There is no communications experience more powerful than when a moment of high interest transitions into a direct engagement. That is why the promise of QR codes, as a way to turn one-way channels into two-way digital experiences (and views, purchases, downloads, CRM opt-ins, or other KPIs), has been an enticing one for brands and agencies alike.
But we've seen some curious examples that seem to use a scan-able code as the means of engagement itself. This leaves users to figure out the next action for themselves or more often walk away scratching their heads. What we know is that QR codes don't "create the engagement" any more than the "like" button "creates the like." Instead, communications has to do the job of informing and engaging the audience, and highlighting the intended journey. At that point, the QR code becomes a great utility to lessen the "distance" between interested users and the next action in the engagement process. By communicating the whole engagement that has been created we can achieve greater efficiency, convenience, and ultimately shared values.
Early on in the QR code cycle it might have been enough to say that something interesting was behind the QR code, such as in this racy content from Calvin Klein. While this might have had a great effect on the users who did scan with their phones, the halo PR effect also provided some recognition for the program. More recently, we ran a program with RedLaser and Atlantic Records' music artist Lupe Fiasco that offered fans the opportunity to pre-order his album "Lasers" by scanning a QR code projected on the side of a building in both New York's Union Square and Hollywood, Calif. More than 25 percent of traffic to Lupe Fiasco's album pre-order website was driven by the QR code powered by RedLaser.
From a technology standpoint, QR codes are a transitional bridge between printing URLs and a time, in the not-too-distant future, when we won't need a code at all. Instead, images and objects will be recognizable by scanners and search engines. In the meantime, mobile scanning, both the usage and technology, is still in its infancy. Marketers are quickly losing the option of not participating in mobile scanning. This leaves brands with two options: participate in how they're represented, or leave it to the internet to decide.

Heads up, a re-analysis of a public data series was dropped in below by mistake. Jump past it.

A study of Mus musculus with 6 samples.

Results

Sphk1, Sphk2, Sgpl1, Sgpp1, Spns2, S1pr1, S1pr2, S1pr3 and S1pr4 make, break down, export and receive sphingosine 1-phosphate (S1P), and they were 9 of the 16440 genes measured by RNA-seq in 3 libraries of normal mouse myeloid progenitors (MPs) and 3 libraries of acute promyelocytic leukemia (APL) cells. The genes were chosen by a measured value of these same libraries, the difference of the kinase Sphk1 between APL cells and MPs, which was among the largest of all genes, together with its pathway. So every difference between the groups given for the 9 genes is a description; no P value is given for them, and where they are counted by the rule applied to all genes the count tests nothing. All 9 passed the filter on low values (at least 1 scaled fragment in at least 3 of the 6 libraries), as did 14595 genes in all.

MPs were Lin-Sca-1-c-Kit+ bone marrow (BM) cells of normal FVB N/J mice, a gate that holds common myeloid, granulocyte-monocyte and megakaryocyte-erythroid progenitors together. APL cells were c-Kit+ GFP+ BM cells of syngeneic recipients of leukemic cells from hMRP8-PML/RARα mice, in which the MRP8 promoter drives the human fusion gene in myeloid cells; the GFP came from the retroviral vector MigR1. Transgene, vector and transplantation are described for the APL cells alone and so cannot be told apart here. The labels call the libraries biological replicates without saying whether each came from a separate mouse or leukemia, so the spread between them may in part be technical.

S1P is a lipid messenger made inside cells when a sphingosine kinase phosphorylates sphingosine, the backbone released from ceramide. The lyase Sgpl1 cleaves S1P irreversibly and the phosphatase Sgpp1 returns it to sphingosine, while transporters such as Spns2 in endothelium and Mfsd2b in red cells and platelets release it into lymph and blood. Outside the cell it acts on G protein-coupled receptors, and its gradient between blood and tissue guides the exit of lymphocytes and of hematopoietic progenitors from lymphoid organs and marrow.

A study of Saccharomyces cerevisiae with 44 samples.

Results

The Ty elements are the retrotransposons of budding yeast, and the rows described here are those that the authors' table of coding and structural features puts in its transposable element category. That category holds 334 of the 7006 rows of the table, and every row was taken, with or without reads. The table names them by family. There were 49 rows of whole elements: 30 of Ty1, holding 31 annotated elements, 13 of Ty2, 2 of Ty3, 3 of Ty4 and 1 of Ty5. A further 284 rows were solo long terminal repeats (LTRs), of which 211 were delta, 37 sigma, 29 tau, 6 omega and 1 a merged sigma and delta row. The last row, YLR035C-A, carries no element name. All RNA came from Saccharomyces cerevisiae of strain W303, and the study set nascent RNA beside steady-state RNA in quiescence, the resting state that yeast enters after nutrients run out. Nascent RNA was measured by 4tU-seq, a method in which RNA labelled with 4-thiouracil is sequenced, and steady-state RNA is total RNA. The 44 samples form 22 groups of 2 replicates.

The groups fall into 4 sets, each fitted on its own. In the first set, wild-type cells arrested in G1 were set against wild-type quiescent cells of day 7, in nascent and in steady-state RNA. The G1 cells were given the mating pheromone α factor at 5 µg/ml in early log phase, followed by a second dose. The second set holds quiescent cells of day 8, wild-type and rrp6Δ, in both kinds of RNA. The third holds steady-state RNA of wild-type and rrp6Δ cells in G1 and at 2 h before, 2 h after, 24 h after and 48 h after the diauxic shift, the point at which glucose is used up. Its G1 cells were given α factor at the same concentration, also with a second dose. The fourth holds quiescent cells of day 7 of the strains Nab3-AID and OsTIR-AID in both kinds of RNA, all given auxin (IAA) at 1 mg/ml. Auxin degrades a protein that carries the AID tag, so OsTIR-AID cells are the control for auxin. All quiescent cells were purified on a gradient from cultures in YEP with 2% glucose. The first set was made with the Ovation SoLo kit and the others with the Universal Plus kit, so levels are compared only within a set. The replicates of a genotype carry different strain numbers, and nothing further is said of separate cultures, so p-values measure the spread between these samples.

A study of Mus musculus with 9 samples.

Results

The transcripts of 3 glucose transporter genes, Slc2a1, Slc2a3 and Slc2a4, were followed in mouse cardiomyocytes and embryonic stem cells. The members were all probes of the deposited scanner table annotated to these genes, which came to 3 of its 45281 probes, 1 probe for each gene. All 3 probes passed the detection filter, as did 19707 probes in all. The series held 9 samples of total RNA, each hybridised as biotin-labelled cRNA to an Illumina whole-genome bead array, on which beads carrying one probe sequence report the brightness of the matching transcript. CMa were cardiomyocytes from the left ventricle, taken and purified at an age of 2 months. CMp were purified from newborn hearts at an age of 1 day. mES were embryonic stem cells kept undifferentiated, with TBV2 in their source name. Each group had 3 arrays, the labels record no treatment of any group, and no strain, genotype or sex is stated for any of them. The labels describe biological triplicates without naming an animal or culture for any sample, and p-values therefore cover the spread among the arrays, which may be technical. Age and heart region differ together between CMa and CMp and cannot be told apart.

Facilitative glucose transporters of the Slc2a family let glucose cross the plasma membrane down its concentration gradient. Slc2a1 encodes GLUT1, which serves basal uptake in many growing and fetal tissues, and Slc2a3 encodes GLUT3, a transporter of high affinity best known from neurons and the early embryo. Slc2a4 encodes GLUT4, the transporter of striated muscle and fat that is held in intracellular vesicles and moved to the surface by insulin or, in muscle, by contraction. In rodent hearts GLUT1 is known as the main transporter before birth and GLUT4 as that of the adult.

Whether you're running a program that features QR codes, or you just want to have a few guidelines for the future when mobile scanning really takes off, keep the following in mind:
Remember that you are asking them to leave their current "mode" and enter a digital engagement with your content using their phone as the conduit. Let them know what is on the other side so they can make an informed decision about taking the action.
There probably shouldn't be a single movie poster without a QR code on it leading to a trailer. Consumers can then transition to a search results page for "show times and tickets near here." On the other hand, there shouldn't be a single OOH or print unit that has a QR code if it only leads to a commercial. Wherever users are scanning, you have to assume that your unit engaged the audience enough to get them to scan, and that they are interested in more information or potentially even a purchase. If all you offer them is more marketing material, you won't be happy with the impression you leave them with.
This may seem obvious to the point of being pedantic, but I am amazed at how often this is left undone. If you have access to an interested person who pulled out their phone and transitioned into a digital experience, the very least you can do is make sure that your brand or product looks amazing on their phone. Don't recycle old content not optimized for the phone. Consumers are savvy enough to know when pages don't look right, and they won't be happy with your brand for disrespecting them in this way.
When used right, QR codes can be a great way to relevantly deepen a brand's engagement with consumers. Like all marketing communications though, without a broader story and optimization for the medium, QR codes can leave consumers even more certain that a given brand simply doesn't get them.
John Berg is managing partner at Swirl Integrated Marketing.